Seattle U CFO Outlines Five-Year Budget, Addresses COVID-19 Concerns at Annual Budget Forum

Seattle University’s Chief Financial Officer (CFO) Wilson Garrone, with the Student Government of Seattle U (SGSU), hosted the annual budget transparency forum on April 6 to discuss the university’s budget strategy amidst growing concerns surrounding the COVID-19 pandemic.

SGSU Vice President of Finance Erika Ozawa opened the presentation by introducing Garrone and pointing to his experience of over twenty years at Microsoft, including his tenure as their CFO and corporate vice president. She also highlighted previous work he has conducted with students around the world.

Garrone gave a detailed 50 minute presentation on Seattle U’s financial position. He began by explaining the university’s existing five-year plan.

“It’s a good way to set direction and a North Star for the organization, aligning with the strategic priorities and making sure over time you are moving in the right direction,” said Garrone.

Garrone listed the principles of the 2021-2025 Fiscal Year Budget on a PowerPoint slide during the presentation. The first principle read “Realistic net tuition growth in early years.”

“We did hire a new enrollment consultant firm, McGuire and Associates, and they are helping us with the strategy of expanding our enrollment, and hopefully help grow our tuition,” Garrone said.

He pointed to the steady number of students that will be entering U.S. colleges throughout the next five years.

“Five years from now, in 2025, this is when the demographics indicate that this number’s going to decline,” Garrone said.

It is the administration’s goal to increase enrollment to ensure growing revenues until 2025. This sentiment is echoed by academic leaders at other institutions across the state. In a 2015 interview with the Spokesman Review, Gonzaga University Associate Provost Julie McCulloh spoke about her school’s efforts to plan ahead for the demographic cliff.

“We’re trying to be very aware of the changing demographic and business requirements,” McCulloh said.

Garrone said that his goal for the next five years is essentially to ensure that Seattle U does not spend more than it makes. In the 2019-2020 school year, the university ended with a $5.9 million deficit. This reflects several years of the school cutting into savings to maintain operations. To achieve net neutral spending, Garrone stressed that Seattle U will be reallocating academic resources rather than cutting them.

“There is a lot of interest from everyone in the university to understand how much the university has been affected by cost reductions, and it’s really a tiny part of the bar,” Garrone said. “By doing that, we are able to reposition ourselves within the five years and be neutral from an operating margin perspective.”

He pointed repeatedly to Seattle U’s efforts to invest in STEM education with new programs and the Center for Science and Innovation building, which is still currently under construction.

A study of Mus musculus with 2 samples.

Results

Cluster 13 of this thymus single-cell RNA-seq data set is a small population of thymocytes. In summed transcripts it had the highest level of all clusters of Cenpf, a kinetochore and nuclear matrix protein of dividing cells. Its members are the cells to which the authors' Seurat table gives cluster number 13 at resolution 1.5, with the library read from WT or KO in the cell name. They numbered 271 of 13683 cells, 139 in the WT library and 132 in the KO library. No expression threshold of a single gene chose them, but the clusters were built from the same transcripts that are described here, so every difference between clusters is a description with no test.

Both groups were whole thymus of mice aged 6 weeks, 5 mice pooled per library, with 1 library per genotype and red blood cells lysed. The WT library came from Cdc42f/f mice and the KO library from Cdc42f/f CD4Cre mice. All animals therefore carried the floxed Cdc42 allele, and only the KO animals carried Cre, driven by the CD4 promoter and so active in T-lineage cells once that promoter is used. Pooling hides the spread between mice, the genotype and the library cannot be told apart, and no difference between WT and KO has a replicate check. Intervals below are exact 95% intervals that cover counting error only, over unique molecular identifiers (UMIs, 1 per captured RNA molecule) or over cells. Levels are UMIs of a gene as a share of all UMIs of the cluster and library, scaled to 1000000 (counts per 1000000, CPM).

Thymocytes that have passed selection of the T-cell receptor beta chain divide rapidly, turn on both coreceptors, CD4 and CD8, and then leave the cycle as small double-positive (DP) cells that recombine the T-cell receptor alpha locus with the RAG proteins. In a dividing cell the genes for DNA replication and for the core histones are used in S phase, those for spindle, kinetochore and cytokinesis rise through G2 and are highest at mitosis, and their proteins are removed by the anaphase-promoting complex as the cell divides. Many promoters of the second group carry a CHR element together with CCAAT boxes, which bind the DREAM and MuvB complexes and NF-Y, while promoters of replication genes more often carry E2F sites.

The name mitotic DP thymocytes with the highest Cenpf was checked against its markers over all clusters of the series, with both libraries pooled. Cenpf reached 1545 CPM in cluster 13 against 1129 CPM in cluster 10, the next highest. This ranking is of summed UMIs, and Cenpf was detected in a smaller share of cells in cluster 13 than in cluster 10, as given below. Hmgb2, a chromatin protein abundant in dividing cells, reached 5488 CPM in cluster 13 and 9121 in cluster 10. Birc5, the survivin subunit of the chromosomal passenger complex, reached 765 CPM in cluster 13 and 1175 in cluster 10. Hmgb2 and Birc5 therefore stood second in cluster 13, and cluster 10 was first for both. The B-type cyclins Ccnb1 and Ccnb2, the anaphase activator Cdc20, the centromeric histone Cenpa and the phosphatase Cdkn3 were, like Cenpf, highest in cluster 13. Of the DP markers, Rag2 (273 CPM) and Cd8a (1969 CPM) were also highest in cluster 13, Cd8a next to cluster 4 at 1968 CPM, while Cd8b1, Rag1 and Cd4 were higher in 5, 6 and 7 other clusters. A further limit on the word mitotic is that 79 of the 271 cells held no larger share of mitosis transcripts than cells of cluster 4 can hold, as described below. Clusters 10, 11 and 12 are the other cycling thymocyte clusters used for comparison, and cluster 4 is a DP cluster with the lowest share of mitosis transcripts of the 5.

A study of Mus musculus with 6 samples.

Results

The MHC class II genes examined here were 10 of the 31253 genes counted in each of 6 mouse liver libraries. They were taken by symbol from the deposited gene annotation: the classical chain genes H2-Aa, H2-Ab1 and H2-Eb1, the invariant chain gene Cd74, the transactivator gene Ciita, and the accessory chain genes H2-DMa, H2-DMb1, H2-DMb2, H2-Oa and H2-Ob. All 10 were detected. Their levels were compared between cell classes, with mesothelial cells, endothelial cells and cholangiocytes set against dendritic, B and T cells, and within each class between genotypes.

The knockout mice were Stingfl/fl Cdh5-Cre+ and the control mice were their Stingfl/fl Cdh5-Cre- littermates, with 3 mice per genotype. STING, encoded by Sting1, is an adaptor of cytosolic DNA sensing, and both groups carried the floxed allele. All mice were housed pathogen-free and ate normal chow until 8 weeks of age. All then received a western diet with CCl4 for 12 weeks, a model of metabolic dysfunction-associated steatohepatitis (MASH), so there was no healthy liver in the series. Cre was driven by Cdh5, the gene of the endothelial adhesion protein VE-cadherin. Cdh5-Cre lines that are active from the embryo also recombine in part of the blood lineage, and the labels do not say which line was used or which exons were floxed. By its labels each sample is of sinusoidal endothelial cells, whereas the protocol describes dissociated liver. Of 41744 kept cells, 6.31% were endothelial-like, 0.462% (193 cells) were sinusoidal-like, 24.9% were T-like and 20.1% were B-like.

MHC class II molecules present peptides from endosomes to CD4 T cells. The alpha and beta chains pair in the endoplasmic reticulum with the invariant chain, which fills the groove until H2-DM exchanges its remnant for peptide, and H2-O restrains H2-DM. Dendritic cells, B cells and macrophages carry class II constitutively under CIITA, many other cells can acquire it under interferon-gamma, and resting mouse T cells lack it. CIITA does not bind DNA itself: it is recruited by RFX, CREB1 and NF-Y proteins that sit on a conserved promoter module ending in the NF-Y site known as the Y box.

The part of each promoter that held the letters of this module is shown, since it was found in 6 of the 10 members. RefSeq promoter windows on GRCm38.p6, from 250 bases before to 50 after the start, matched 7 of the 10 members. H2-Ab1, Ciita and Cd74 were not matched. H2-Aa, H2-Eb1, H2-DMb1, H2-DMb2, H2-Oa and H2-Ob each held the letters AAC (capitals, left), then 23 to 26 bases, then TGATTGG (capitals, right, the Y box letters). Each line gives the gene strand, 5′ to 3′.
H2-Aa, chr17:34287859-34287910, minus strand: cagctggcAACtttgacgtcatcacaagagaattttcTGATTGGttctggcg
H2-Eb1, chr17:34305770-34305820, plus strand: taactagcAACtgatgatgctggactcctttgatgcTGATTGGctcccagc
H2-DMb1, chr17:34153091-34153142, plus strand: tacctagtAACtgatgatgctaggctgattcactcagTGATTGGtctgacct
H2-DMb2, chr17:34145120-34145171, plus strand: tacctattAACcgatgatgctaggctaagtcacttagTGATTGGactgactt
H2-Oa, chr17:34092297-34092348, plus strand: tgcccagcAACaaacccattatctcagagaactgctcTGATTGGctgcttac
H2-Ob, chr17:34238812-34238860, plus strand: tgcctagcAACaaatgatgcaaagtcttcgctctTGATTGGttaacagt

“Because really, the university’s not reducing the overall level of investments or the overall size of the expenses,” Garrone said. “It’s not being reduced. It’s just moving resources from parts of the university to other parts of the university, so we can grow enrollment and grow tuition and grow the top line of the university.”

Finance and business analytics major Alvaro Vazquez, who was a First-Year Representative for SGSU last year, expressed concern about how COVID-19 could impact current campus expansion projects.

Garrone spoke with confidence that the building, which is integral to Seattle U’s five-year plan, will continue being built.

“In all three scenarios that we have looked at, we believe with good confidence that we can continue the construction of the CSI,” Garrone said. “The construction was stopped for a few weeks because of the governor’s orders, when the stay at home and state health orders were published several weeks ago. We went back to the state and requested permission to continue the construction, which they granted.”

More broadly, Garrone assured the community that Seattle U will respond to the challenges posed by COVID-19 quickly and effectively.

“It’s important that we shift the way we think from being not only focused on the analysis and operating results, but really looking at our cash and how we manage or cash. During a crisis, cash is king,” Garrone said.

He expressed appreciation for how quickly Seattle U moved to respond to the initial COVID-19 entrance into the U.S., and hopes to continue staying ahead of the crisis.

Kim Nucum

In the question period, many students, all of whom asked questions anonymously, expressed frustration at Seattle U’s choice to maintain the same tuition costs for spring quarter. Garrone answered that the university is maintaining the same quality of education Seattle U students have come to expect.

“Our expectation as a university is that there was no decline in the quality of the content and the quality of the learning experience being done virtually or in-person,” Garrone said.

He went on to cite the costs that Seattle U has waived for spring quarter.

“All the other things where there was some loss for the students, like residence halls, the fees, the reimbursement of meals—the university took care of giving all these back, and rightfully so,” Garrone said.

Garrone’s main concern throughout the presentation was stressing the importance of crafting a strategy to ensure the future financial security and stability of the school.

“Keep in mind that the way we build this projection is to make sure that revenue is always growing a little bit faster than expenses.”